On May 16, 2019, U.S. Attorney General William P. Barr, during the 3rd Ministerial of the Northern Triangle Attorneys General announced that, as part of a coordinated law enforcement action known as Operation Regional Shield,President Trump has approved continued funding for law enforcement efforts between the U.S. and the Northern Triangle countries (El Salvador, Guatemala, and Honduras).
In particular Barr said the U.S. will continue fund law enforcement efforts, through the ongoing work of the project’s law enforcement efforts, through the continuing work of the U.S. Office of Overseas Prosecutorial Development Assistance and Training (OPDAT) Resident Legal Advisors in each of the three countries, through the FBI’s Transnational Anti-Gang teams, through the Drug Enforcement Administration’s Sensitive Investigative Units, and through Homeland Security’s (HSI) work to counter human smuggling and trafficking.
Barr said the meeting has reaffirmed his belief that the safety of the citizens of the U.S. and Northern Triangle is interdependent and together they will not only confront but will defeat the criminal gangs.
Inconsistency of U.S. Enforcement Policy with Northern Triangle Countries
In recent months the Trump Administration’s policy in terms of cooperation with the Northern Triangle has not been consistent. For instance, on March 28, 2019, then Secretary of Homeland Security Kirstjen M. Nielsen signed, on behalf of the United States, a Memorandum of Cooperation (MOC) on border security cooperation in Central America. Almost simultaneously, U.S. President Donald Trump said that he was planning on cutting U.S. assistance to the three countries and has threatened to close the border with Mexico.
The initiatives of the U.S. and other governments against transnational organized crime in Central America can be classified in eight areas: whole-of-government solutions; interdiction of criminal flows; targeting of transnational criminal organization leaders; use of the military in a domestic law enforcement; institutional reform within law enforcement; targeting the financial flows and resources of organized criminal groups; prison control and reform; and binational and multinational cooperation against organized crime. (See R. Evan Ellis, Transnational Organized Crime in Latin America and the Caribbean 103-4 (2018).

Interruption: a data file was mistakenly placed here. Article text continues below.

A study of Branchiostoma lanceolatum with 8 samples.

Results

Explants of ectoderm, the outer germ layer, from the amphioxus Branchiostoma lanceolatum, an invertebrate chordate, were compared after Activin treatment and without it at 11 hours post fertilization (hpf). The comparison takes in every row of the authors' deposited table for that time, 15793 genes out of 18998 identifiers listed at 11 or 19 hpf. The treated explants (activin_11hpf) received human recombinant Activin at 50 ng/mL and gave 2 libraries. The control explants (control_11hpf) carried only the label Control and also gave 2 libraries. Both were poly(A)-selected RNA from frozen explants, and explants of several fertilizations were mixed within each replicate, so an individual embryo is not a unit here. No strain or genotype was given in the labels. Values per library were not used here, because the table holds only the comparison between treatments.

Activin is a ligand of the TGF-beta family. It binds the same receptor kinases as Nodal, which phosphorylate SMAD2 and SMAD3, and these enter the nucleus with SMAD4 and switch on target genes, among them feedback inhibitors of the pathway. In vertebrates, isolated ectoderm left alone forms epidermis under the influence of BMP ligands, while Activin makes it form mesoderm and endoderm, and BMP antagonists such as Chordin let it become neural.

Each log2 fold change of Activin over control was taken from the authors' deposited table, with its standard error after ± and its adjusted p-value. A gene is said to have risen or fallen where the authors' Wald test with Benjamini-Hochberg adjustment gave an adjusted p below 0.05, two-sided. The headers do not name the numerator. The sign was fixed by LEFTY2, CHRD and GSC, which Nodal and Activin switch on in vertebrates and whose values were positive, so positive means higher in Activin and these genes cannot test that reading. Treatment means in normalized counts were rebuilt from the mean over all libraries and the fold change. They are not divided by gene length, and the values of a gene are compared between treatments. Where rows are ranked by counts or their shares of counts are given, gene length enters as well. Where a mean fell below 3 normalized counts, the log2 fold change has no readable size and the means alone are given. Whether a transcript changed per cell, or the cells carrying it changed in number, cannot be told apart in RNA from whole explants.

During his trip Barr highlighted DOJ priorities, including interdicting illegal narcotics, dismantling MS-13, the 18th Street Gang and other transnational criminal organizations, and combatting illegal migration and human trafficking. While in El Salvador, the Attorney General visited the International Law Enforcement Academy.
Effort of Guatemalan Morales Administration to End the Work of the International Commission against Impunty (CICIG)
One setback for the fight against anti-corruption is the effort by the current Guatemala Administration of Jimmy Morales to terminate the work of the International Commission against Impunty (CICIG), which the United Nations established to strength the efforts against organized crime and corruption after Guatemala’s 36-year civil war. See Elisabeth Malkin, Latin America Risks Losing Potential Weapon Against Corruption, N.Y. Times, May 19, 2009, at 10, col. 1.
On May 15, the Guatemala high court rejected the appeal of Thelma Aldana, a crusading former prosecutor, to participate in Guatemala’s presidential election. As a result, at least two of the top three candidates, according to polls, will not be able to run in the election. The decision on Aldana seemed to arise from fears over her zealous prosecutions of corruption in politics and business. Aldana has been denied the right to participate in the election because she lacked a document accrediting that she did not have any outstanding accounts after she was responsible for public funds during her serving as from her time as a former prosecutor.
The Trump Administration has not supported the CICIG, as prior U.S. Administrations have. As a result Morales’ announcement to not renew the CICIG’s two-year mandate in September 2019 and his denial of Ivan Velázquez, the Colombian head of the Commission, in September 2018, mean that, notwithstanding its strong record of prosecuting corruption and transnational organized crime, the lack of independent prosecutors in the Guatemalan government, and the importance of strong and independent prosecutors to better stabilize the security situation in Guatemala, the CICIG may well expire in September. Indeed the enormous security problems due to the proliferation of gangs, gun violence, and corruption fuel migration from Guatemala.